Here are tips as you plan for July 1 moving day in Montreal

Two men are pictured walking down a street in Montreal while carrying boxes, bags and furniture on the annual moving day, 1-Jul, 2021. (Ivanoh Demers/CBC/Radio-Canada - image credit)

Moving day in Quebec is approaching with cascading intensity — and things are a bit different this year.

The province's housing law has changed after the adoption of Bill 31, which all but dissolves lease transfers, and Bill 65, which freezes evictions for some tenants.

More locally, Montreal movers faced January 2024 vacancy rates of just 1.5 per cent.

It's true that the province is in a housing crisis — but there are still ways to be prepared.

CBC Montreal's Let's Go team has been dedicating this week to housing tips. We reached experts on how best to use what it is out there.

Rent registries can help you know average prices

How much do you pay for rent in Montreal? The city of Montreal has created an optional rent registry. It comes after grassroots efforts to register leases, like CBC News has created a rent-tracking tool, too. Let's Go spoke with CBC News senior data producer Naël Shiab about how to use the CBC tool if you're looking for a place to rent, why knowing average rent prices borough by borough matters and what rent registries can offer tenants right now.

There are resources if you haven't found a new place

If you don't yet have an apartment for July 1, there are some places you can turn. The city encourages people to call 311, where a housing assistance line can help you in your search. But what if you need more support than that? Margaret Van Nooten is a social worker with Cote-des-Neiges community group Project Genesis. She and her team are there to do their best so that people — like 61 year old Despina Mallas — don't fall through the cracks. Van Nooten shares what Project Genesis suggests when people need a supportive hand through their search.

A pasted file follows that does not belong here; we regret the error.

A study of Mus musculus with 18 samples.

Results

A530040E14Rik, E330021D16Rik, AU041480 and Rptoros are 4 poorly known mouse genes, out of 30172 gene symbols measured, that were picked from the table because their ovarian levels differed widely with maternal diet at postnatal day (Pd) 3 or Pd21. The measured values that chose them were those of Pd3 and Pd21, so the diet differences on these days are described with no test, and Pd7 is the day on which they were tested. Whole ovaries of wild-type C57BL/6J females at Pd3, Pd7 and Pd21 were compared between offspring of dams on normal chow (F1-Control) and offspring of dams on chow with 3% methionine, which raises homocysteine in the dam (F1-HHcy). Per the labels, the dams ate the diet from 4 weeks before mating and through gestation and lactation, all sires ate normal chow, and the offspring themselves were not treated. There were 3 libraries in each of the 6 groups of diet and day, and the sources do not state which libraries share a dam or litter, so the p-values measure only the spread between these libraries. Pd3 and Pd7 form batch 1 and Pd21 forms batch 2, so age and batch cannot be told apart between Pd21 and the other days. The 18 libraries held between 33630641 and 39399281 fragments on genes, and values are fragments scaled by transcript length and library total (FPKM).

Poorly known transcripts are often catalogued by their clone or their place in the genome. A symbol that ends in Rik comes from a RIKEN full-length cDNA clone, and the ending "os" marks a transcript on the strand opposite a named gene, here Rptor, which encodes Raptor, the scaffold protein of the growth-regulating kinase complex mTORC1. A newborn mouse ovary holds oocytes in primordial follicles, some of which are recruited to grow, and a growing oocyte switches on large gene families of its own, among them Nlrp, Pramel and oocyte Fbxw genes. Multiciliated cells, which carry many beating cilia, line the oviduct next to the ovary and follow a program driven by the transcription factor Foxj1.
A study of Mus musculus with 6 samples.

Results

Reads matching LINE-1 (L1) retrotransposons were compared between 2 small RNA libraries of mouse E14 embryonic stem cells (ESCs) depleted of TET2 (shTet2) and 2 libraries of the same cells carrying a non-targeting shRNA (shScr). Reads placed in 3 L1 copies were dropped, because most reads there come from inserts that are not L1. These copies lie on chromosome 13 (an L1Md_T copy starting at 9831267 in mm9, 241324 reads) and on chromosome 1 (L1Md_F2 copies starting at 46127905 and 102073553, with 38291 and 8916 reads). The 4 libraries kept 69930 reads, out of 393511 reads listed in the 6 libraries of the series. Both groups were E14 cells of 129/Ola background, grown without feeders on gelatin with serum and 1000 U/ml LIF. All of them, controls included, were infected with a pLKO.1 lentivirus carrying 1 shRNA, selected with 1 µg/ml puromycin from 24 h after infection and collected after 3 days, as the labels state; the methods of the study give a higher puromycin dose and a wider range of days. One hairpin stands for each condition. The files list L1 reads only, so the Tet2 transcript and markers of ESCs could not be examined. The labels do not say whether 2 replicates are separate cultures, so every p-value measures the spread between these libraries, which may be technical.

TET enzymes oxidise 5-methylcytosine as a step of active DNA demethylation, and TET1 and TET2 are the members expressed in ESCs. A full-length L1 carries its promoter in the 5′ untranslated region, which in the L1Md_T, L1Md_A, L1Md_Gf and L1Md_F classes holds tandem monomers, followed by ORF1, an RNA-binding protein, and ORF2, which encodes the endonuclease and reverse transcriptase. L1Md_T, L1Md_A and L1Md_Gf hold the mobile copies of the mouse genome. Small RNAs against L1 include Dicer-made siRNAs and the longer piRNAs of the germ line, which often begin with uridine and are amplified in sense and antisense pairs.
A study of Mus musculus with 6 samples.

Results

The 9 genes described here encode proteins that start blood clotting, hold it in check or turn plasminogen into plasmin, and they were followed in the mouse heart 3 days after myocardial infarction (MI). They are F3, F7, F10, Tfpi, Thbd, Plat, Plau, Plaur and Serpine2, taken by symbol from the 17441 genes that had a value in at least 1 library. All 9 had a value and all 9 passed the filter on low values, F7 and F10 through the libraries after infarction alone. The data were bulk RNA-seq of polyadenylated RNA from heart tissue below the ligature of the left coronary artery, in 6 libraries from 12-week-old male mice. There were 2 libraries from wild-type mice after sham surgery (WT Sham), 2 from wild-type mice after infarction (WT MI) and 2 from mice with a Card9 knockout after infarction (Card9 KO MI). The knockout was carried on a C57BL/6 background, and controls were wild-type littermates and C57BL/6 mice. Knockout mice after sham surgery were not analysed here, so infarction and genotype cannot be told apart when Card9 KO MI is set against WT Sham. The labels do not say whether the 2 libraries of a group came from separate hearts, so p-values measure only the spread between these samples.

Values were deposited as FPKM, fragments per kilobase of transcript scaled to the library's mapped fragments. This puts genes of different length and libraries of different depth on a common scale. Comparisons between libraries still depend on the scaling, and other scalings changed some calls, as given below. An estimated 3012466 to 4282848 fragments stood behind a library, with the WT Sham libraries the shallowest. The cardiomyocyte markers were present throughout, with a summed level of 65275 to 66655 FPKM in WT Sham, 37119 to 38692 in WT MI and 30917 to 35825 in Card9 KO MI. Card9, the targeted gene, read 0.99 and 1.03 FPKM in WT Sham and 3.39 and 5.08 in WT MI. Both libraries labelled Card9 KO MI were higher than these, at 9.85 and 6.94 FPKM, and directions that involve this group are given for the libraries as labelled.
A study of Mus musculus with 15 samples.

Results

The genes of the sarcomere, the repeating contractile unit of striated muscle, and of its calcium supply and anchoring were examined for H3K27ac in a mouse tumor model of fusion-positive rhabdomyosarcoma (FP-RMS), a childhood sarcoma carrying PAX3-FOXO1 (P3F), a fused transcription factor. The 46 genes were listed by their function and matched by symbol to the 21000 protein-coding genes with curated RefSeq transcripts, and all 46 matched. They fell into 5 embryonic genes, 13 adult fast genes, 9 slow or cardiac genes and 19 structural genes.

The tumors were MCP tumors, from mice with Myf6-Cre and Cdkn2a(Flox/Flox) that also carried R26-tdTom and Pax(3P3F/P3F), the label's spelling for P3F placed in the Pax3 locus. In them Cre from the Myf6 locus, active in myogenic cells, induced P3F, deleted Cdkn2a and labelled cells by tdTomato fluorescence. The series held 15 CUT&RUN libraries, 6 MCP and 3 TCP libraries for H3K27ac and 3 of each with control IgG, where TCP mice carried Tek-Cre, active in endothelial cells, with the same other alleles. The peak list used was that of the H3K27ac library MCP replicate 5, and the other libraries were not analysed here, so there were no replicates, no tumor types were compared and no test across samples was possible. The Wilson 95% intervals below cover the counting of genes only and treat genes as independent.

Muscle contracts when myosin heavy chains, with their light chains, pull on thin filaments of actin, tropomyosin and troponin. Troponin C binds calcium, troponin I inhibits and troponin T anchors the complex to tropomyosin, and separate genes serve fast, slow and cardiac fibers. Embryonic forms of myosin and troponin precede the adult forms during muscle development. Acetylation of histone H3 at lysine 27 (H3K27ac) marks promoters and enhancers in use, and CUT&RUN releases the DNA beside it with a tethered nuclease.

How can you keep your apartment cool as a renter?

This July 1 is coming as climate change makes extreme weather events, such as a heat dome that just roasted Montreal, more frequent. If you're preparing for a new place this year, what conversations do you need to have with your landlord about keeping your apartment liveable? Mariam Esseghaier gives us her advice. She's a renter in downtown Montreal, whose apartment gets so hot that it was recorded in the CBC News 2023 Urban Heat Project.

We checked in with her one year later about how she survives the heat in her apartment, and tips on how to talk with your landlord early about signing a lease that considers climate change. We also hear tips on keeping your place cool from Caroline Metz, with the Intact Centre on Climate Adaptation in the faculty of environment at the University of Waterloo.

What rights do tenants have?

There have been landmark changes to housing law in Quebec lately. Community organizations that give tips on tenants' rights have taken note. What are some of the most important rights to remember when you're sending out messages to see a place, or arrive at your new home and see it needs renovations? Lily Martin explains. She's a community organizer at the West Island Tenant's Action Committee. She tells us who to call if you don't have a place yet for July 1 and you live in one of the 14 independent municipalities on the island. Hint: it's not 311.

Tune into Let's Go next week as we'll keep talking about housing as July 1 approaches.